My family immigrated to the United States in the early 1980s during the Vietnam War. It was common during that time to immigrate out of the country because many people realized that the life the Communists were going to give them wasn’t the life they wanted to live. The largest Vietnamese communities reside in the United States, Australia, and Canada. My dad chose the United States.  

This is his story. 

Tracy Huynh: “How old were you when you left Vietnam and why?”

In many countries, it was common for men who were of age and who were healthy to join the military. In this case, my dad did not want to because he did not like the political environment. There was tension between the Communists and commoners. If he didn’t leave when he did, he would’ve been more susceptible to being subjected to torture and death. 

TH: “How was your experience?”

“I don’t wish what I went through on anyone. Like a lot of people, I traveled by boat. The boat was tiny- the size of a small fishing boat. I don’t know how we did it. There were so many people piled onto those boats. I spent days trying to hide from the communist police and hiding engine oil so that I wouldn’t get caught. I would’ve been put into jail if I got caught. Luckily, I had family who were dispersed and knew people well enough to get me through. I traveled with my brother and his family because I was still young. 

There were people who came from different walks of life on the boat. Rich, poor, old, and young. They all had the common goal of finding a better life for themselves and their families. To this day, I still have flashbacks of my days on the boat. Most of the days, we had no food or water. It came to the point where some of us were desperate enough and had to drink our own urine. The waves were horrendous. I had to use all my energy to scoop water out of the boat, so we wouldn’t get drowned. Once we got to the camps, we had access to small portions and rationed amounts of food and water. We had to wait until our paperwork was done before we were allowed on the plane over to the United States.”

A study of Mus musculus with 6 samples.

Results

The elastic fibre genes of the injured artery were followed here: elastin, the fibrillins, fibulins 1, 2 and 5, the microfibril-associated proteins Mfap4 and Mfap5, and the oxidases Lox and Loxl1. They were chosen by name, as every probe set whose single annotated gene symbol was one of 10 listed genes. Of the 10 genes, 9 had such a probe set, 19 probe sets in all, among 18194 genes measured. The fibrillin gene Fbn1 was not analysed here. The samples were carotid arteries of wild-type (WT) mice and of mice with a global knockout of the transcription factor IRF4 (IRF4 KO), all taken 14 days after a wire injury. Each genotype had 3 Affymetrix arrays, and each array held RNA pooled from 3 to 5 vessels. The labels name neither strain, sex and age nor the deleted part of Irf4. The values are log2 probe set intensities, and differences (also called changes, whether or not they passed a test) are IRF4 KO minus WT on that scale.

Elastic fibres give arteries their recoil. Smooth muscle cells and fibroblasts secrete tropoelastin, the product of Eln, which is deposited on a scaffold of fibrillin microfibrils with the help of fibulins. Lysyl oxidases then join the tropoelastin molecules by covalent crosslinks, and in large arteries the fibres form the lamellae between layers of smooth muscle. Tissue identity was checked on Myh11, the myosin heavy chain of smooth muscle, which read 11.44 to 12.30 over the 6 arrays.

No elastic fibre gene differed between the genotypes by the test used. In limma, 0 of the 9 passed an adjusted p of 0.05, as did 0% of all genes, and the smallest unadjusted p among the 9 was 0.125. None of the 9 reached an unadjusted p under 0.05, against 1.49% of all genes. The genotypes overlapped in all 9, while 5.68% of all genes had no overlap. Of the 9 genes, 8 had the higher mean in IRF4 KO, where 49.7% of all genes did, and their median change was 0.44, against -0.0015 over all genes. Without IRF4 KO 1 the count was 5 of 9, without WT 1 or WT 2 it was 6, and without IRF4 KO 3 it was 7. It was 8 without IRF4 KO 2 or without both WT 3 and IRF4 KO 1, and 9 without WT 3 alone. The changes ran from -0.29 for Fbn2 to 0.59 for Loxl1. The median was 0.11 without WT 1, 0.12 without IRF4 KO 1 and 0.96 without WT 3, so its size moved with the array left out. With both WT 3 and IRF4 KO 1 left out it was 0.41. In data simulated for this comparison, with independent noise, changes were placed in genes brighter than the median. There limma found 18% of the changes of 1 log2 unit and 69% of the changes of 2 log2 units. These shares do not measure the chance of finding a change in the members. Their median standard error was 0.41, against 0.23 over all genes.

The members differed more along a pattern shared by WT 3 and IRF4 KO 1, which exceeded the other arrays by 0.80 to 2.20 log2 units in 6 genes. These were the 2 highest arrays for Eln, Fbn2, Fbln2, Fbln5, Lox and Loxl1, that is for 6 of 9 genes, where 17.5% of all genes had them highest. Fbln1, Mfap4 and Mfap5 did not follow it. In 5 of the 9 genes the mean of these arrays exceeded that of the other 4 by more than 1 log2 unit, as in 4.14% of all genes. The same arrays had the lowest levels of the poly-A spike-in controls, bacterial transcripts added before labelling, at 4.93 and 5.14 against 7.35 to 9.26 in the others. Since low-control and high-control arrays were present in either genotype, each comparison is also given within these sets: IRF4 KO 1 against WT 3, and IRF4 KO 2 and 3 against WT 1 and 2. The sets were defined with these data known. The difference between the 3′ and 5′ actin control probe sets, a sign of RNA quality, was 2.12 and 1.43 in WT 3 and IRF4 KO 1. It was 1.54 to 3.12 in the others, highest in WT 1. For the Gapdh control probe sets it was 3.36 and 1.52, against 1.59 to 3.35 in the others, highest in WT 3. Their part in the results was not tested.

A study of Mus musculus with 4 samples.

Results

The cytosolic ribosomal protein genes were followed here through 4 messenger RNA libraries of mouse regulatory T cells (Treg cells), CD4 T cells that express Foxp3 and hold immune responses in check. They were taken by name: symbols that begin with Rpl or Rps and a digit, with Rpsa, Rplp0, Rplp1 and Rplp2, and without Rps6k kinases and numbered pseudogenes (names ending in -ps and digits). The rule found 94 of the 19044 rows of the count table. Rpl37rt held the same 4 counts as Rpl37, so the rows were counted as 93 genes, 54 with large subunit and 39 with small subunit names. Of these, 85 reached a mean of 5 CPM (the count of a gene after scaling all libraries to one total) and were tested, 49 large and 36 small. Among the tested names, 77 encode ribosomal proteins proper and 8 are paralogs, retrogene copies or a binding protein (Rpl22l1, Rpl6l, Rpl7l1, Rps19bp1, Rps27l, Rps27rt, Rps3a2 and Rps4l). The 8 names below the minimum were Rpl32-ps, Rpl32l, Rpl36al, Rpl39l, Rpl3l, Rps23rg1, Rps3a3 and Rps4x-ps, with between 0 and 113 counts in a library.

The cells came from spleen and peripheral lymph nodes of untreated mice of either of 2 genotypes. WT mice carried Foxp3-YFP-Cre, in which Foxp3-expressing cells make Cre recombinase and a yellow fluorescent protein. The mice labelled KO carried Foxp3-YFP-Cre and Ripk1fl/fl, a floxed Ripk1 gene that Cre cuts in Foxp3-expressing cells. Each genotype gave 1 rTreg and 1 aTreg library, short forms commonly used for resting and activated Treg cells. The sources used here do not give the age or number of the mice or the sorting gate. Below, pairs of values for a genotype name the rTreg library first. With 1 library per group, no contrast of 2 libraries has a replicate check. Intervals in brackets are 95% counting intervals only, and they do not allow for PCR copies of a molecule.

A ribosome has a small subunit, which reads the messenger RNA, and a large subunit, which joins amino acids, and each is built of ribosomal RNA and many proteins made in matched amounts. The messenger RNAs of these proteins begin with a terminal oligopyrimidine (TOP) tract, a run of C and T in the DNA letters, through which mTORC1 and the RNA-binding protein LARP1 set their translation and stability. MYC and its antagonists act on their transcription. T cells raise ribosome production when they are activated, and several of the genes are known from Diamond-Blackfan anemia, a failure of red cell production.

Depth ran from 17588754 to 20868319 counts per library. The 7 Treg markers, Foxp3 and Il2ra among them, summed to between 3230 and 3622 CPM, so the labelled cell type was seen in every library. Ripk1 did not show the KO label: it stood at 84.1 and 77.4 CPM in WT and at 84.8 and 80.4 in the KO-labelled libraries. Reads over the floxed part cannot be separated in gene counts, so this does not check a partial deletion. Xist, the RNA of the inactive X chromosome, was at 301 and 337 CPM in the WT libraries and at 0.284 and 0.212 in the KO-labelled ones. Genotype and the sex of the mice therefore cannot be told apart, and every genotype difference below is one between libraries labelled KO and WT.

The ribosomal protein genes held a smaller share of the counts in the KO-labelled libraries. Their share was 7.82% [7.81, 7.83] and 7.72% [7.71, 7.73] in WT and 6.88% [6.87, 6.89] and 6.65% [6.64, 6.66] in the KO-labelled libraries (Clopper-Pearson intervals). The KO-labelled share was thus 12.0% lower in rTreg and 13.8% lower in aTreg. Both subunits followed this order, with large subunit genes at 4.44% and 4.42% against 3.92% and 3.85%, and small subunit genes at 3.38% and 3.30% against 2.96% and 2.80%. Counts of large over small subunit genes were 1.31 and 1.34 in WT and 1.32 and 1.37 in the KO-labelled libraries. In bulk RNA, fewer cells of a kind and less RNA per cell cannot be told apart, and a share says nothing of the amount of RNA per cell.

Depending on when the individual chooses to immigrate, there are different rules and regulations. By the time my dad had immigrated, the number of immigrants allowed into the United States was limited and the camps were closed to “off-campus” freedom. My dad, his brother, and his brother’s family were an exception because they already had relatives who immigrated years prior. This process is known as chain migration. Those relatives were allowed to sponsor my dad and his brother over. Like some of my other extended relatives, that’s why there are some families who live in Australia and Canada. 

TH: “Since coming to the US, what have you been able to do?”

“For one, my kids are able to live in a free country. They aren’t restricted in what they want to do and the close-mindedness of what I had to live through. I’ve had the opportunity to move throughout the U.S. as I wish. I have a job that allows me to have the financial freedom to send money to my family in Vietnam. Now that I live in the U.S., I am more open-minded to life past Vietnam. I’m not very fond of the mindset in Vietnam, but I understand why. I also have access to advanced healthcare and government regulations.”

The United States and Vietnam have different cultures and values. They value their relationship with the community and their social impact differently. There are expectations here in the United States that seem foreign and out of reach in Vietnam- such as freedom of speech. Living outside of Vietnam, my dad and other immigrants are able to educate and bring light on how our families in Vietnam can advocate for themselves like they did almost 40 years ago. 

I am grateful for my family who has sacrificed their time and sanity to immigrate to the United States. Life would look a lot different had they not done so. I want to take the time this year to be thankful for new opportunities. My parents and grandparents took a leap at a huge opportunity. It was a scary leap, but they persevered. I’m very privileged to be where I am today. Although my chances to take a new opportunity will never be like theirs, I am reminded to just go ahead and leap at every new opportunity- even if it scares me. You should too. 

Tracy Huynh

CU Boulder '23

Tracy is a sophomore at the Leeds School of Business. In her free time, she enjoys binge-watching Netflix and going shopping. If she is not studying, she can be found with a fuzzy blanket and fuzzy socks in bed or in the home decor section of any store daydreaming.